LEVITICUS 24:1-25:46 | MARK 10:13-31 | PSALM 44:9-26 | PROVERBS 10:20-21
But most severe of all these rules was the one concerning blasphemy. Blasphemy is the act of taking the name of the Lord in vain. And what do you think the punishment/atonement for that might be? There was no atonement available because there was only one way to address such a grievous offense: death by stoning. That was it, and there were no two ways about it. And if that sends a chill up your spine, that was what it was meant to do.
This was a harsh Law. The concept of forgiveness was somewhat limited here; there was atonement available for certain types of offenses, and yet the overarching philosophy was ‘an eye for an eye and a tooth for a tooth’. You had to mind your eye and your tooth, or you may lose one or the other, or worse still, both.
Several thousand years later, a man by the name of Jesus arrives on the scene to dismantle many of the precepts of this very Law, nay, to replace it with a new one. A new Law that gives no thought to the “eye for an eye” principle and instead embraces the sinner, picks her up and asks her where her accusers are. What? There are none? Because there is no one without guile who may cast that first stone?
This was a new Law that commanded you to love the Lord your God with all your heart, mind and soul, and to love your neighbor as yourself. This was a Law that stated that the first would be last and the last would be first. What kind of Law was this? And who was this man proposing these outrageous things?
And what’s more, this very Jesus who proposes this new Law, doesn’t promise that it will be easy—if anything, he says there might be persecution for those that believe in him and follow him, but, he also says, there will be the gift of eternal life.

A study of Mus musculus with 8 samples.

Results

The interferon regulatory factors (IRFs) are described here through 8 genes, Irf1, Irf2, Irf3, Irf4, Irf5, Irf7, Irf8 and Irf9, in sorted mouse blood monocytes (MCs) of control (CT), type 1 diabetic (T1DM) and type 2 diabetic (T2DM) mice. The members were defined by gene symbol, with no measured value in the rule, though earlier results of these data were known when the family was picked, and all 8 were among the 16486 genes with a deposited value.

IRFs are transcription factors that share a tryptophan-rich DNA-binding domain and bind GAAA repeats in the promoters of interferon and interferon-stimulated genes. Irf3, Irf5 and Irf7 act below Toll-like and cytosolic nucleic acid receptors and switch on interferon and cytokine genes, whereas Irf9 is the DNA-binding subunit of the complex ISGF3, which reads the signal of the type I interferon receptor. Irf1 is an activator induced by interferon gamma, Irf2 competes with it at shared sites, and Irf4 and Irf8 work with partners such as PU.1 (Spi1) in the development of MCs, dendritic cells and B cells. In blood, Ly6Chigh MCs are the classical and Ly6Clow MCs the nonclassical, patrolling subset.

His words are: 29 “Truly I tell you,” Jesus replied, “no one who has left home or brothers or sisters or mother or father or children or fields for me and the gospel 30 will fail to receive a hundred times as much in this present age: homes, brothers, sisters, mothers, children and fields—along with persecutions—and in the age to come eternal life.
We turn next to our reading of the Psalms, and find David petitioning the Lord God for help. He says:
23 Awake, Lord! Why do you sleep?
Rouse yourself! Do not reject us forever.
24 Why do you hide your face
and forget our misery and oppression?
25 We are brought down to the dust;
our bodies cling to the ground.
26 Rise up and help us;
rescue us because of your unfailing love.
Finally, a few verses from the Book of Proverbs authored by Solomon, wise king of Israel who speaks to the power of the tongue:
20 The tongue of the righteous is choice silver,
but the heart of the wicked is of little value.
21 The lips of the righteous nourish many,
but fools die for lack of sense.
May God bless the reading and reflection of His Word. Amen.